Without googling the answer, do you know what the capacity of the largest conventional power plant in Australia is?
I couldn’t, so I did google it – and now I can tell you that the answer is 3.25 gigawatts (GW). Unsurprisingly, it’s a coal plant: The Loy Yang Power Station in southeastern Victoria.
Loy Yang is actually two separate plants located in the same spot. Eraring Power Station in NSW – at 2.88GW and also coal – is the largest single plant.
Loy Yang Power Station. By Marcus Wong, via Wikipedia.
98MW of small-scale solar capacity installed in August of 2017 – one of the best months on record for Australia. Graph via Sunwiz.
To put these numbers into context, the standard size residential solar system these days is about 5kW. 1MW is equal to 1,000kW, so we’re talking about the equivalent of roughly 200x residential solar systems having gone in across the country in the course of a month. In reality, some of them were bigger and some smaller – but all of them were under 100kW.
(Sunwiz notes that Australia’s total solar PV capacity – including systems over 100kW – is now at about 6.5GW.)
1GW is equal to 1,000MW or 1,000,000kW (yes, a million kilowatts!) So 1GW works out to be the equivalent of about 200,000 standard residential system (noting that systems from a few years ago were on average a bit smaller, however).
Queensland and New South Wales were the top two states, with 26MW and 24MW, respectively. Graph via Sunwiz.
One way to interpret these figures is to say that the 1MW of solar installed in August is roughly equivalent to about 3.3% of a large coal plant. That, however, would actually be wrong, as there’s a thing called ‘capacity factor’, which is essentially the percentage of the time that a power plant spends generating electricity at full capacity.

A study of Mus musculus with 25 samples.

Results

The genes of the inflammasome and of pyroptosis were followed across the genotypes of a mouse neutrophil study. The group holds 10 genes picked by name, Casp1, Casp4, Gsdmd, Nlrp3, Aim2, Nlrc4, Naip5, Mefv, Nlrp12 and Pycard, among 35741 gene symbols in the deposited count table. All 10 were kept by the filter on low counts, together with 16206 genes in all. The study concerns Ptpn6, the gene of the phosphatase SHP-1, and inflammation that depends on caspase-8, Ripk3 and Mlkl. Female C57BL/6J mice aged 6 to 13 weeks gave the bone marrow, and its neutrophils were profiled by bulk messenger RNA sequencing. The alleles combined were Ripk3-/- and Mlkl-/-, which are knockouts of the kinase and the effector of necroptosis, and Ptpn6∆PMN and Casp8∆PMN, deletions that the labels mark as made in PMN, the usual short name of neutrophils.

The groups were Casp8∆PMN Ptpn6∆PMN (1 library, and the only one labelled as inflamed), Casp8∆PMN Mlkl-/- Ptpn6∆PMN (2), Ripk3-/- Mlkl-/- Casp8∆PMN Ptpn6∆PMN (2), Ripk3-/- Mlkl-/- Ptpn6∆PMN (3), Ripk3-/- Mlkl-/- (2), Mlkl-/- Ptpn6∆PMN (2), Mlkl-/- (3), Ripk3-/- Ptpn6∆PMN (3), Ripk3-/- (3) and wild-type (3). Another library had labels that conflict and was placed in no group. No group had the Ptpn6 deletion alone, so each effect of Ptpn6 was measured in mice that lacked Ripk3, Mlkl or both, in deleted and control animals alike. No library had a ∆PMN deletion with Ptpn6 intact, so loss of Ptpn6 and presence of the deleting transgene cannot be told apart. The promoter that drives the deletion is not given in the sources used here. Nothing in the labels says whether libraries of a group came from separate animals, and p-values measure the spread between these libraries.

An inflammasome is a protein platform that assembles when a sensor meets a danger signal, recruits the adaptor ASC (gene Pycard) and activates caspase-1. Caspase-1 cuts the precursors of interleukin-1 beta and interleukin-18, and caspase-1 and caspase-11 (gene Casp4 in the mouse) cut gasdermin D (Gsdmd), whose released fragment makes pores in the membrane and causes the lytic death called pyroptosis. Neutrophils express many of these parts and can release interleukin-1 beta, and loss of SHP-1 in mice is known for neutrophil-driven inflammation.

Capacity factor by generation type. Source: Sunmetrix.
Which is why – even after striking the 6.5GW mark – solar still makes up only a very small percentage (around 3%) of Australia’s generation capacity and energy production.
Electricity generation capacity & output by fuel type. Source: Australian Energy Regulator.
But not to fear, supporters of solar energy! A new report by DNV GL (the same people who brought us the Solar Panel Reliability Scorecard) indicates that it’s just the beginning for solar generation in Australia – and the world. By 2050, they predict, just under half the world’s generation capacity will be solar PV, and will account for just over a third of all electricity generated.
Global energy capacity capacity by type. Source: DNV GL.
Global energy generation capacity by type. Source: DNV GL.
After a year and a half of research into solar and powerwall & other battery storage options, if I waited any longer then the reduction in STCs would have added approx $2-3k to my system’s installation costs.
Others would also have seen this coming and ordered their Solar with an average lead time of 6 weeks from quote/order to installation, occurring approx August.
I’m not saying this is the cause for all of the installations in Aug, but it was certainly a factor for me and surely others too, potentially resulting in a spike at the least.